By William Peacock, Esq. | Last updated on

"Hot dog, yep that's me. I've got no shame in my game."

No shame and no liability. We've covered Ex-Judge Wade McCree's extra-judicial activities before: sending a topless pic to a married bailiff, and even worse -- carrying on a six-month affair and impregnating a witness in a felony child support case. Oh yeah, and he falsely drummed up felony charges against her, according to the Michigan Judicial Tenure Commission.

Needless to say, he's no longer a judge. But can the defendant whose baby mama was the witness and paramour sue the ex-judge for violating his due process rights?


While admitting that the doctrine of judicial immunity can lead to unfair outcomes, and admitting that the Supreme Court itself has, on occasion, criticized the current formulation and application of the doctrine, the bottom line is that the SCOTUS-approved doctrine is the law.

"Our task on appeal, though, is limited to applying the law of the 'one supreme Court,'" Circuit Judge Danny Boggs wrote for the majority. "The Supreme Court's judicial-immunity doctrine has remained undisturbed for decades. Under existing Supreme Court law, Judge McCree is immune from suit under the doctrine of judicial immunity."

Judicial immunity is damn near impossible to beat -- the majority notes that the only exception is for extra-judicial conduct that has nothing to do with the judge's duties. And though Robert King, the defendant in the original suit and the plaintiff here, argues that diddling the witness repeatedly in one's chambers is certainly extra-judicial, the core of his complaint is that the affair led McCree to rule unfairly in his case.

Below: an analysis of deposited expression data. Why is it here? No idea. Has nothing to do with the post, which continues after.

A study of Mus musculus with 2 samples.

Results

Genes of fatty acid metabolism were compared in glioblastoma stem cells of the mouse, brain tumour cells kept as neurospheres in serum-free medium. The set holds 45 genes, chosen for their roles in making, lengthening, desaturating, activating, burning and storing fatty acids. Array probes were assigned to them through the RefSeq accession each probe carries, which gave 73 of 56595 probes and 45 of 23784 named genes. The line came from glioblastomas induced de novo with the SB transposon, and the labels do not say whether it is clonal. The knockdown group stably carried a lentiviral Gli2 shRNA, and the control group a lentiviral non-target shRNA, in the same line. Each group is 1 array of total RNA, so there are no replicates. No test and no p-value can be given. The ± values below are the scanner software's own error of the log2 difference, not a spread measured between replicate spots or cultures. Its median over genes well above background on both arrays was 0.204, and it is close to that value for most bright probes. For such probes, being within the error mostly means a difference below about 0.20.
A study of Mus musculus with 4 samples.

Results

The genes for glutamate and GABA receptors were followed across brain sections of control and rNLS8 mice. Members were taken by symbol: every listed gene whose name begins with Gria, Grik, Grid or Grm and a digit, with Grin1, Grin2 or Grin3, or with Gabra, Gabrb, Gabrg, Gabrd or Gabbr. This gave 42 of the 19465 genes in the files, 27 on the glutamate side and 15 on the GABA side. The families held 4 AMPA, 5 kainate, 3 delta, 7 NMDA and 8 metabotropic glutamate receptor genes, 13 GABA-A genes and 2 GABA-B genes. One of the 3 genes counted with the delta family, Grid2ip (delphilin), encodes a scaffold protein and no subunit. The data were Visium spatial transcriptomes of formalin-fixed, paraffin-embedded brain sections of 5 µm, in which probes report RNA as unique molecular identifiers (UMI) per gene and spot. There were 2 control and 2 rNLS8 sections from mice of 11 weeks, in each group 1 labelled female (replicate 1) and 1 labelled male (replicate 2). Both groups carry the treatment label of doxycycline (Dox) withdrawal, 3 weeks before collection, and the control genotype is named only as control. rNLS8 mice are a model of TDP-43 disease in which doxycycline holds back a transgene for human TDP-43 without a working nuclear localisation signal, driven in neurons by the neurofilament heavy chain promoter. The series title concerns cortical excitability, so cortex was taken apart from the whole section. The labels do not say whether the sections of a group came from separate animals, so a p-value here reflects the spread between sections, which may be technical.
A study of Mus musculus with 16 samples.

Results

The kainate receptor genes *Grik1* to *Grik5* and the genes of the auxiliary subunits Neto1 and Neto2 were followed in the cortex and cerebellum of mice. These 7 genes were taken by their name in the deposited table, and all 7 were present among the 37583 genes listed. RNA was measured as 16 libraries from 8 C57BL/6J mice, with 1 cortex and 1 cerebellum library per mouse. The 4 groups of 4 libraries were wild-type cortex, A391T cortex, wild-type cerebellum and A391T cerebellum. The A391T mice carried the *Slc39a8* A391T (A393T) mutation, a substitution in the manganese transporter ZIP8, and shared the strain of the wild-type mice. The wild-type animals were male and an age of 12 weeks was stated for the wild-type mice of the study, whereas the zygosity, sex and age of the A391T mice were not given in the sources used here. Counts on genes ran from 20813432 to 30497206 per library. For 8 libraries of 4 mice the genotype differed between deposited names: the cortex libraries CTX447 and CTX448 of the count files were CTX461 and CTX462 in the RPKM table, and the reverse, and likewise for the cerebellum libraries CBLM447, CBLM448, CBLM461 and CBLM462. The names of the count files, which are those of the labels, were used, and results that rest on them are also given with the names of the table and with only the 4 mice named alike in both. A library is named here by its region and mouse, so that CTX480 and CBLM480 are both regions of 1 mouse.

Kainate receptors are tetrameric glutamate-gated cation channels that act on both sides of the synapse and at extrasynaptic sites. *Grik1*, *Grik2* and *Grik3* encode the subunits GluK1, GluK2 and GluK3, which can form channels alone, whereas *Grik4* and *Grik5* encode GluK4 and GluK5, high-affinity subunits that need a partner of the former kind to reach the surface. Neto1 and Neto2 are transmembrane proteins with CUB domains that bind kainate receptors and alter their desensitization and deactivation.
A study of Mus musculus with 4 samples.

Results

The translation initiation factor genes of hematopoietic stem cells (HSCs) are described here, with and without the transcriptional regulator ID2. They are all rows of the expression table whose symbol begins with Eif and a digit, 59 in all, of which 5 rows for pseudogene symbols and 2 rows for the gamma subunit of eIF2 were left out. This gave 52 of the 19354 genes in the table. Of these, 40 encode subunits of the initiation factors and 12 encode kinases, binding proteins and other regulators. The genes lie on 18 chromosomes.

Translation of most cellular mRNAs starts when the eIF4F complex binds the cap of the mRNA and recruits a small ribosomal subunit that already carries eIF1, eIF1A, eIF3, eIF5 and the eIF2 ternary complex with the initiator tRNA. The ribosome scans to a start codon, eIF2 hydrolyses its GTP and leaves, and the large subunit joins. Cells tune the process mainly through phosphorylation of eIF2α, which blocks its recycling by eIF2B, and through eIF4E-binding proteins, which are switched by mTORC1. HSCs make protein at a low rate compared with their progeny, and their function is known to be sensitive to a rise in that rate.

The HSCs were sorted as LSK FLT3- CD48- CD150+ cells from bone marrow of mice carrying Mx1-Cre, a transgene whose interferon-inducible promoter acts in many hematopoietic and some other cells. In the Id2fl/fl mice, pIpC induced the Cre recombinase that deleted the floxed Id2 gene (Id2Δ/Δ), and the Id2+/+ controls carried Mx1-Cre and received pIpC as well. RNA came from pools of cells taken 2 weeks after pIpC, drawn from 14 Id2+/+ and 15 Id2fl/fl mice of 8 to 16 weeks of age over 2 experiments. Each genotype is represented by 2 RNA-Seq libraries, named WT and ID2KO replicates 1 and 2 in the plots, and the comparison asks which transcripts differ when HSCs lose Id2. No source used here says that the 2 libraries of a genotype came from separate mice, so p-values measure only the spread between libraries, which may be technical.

Why are judges given such broad immunity?

"It is a general principle of the highest importance to the proper administration of justice that a judicial officer, in exercising the authority vested in him, shall be free to act upon his own convictions, without apprehension of personal consequences to himself," the Supreme Court noted back when it officially adopted the common law immunity principle in 1871.

"If civil actions could be maintained ... against the judge, because the losing party should see fit to allege in his complaint that the acts of the judge were done with partiality, or maliciously, or corruptly, the protection essential to judicial independence would be entirely swept away."

Other Remedies Exist

Judge Guy Cole, writing in concurrence, emphasized that the court condemns McCree's actions in the strongest terms possible.

"Casual readers of this opinion (as well as the plaintiff-appellant, Robert King) may erroneously conclude that, by affirming the grant of absolute judicial immunity from suit for personal damages, we are somehow endorsing Judge McCree's conduct or going out of our way to protect one of our own," Cole wrote. "Though constrained by precedent to grant immunity, we do nothing of the sort."

Cole noted that the Michigan Supreme Court has already removed McCree from office and suspended him for six years without pay -- just in case he is reelected in the fall. He called this the "best justice possible" for judicial misconduct.

Indeed, the Supreme Court noted in the 1871 case, Bradley v. Fisher, that a judge who acts maliciously or with partiality "may be called to an account by impeachment and suspended or removed from office."

And unless King's planned petition for certiorari is granted, that is where the line lies: judicial disciplinary proceedings rather than civil suits.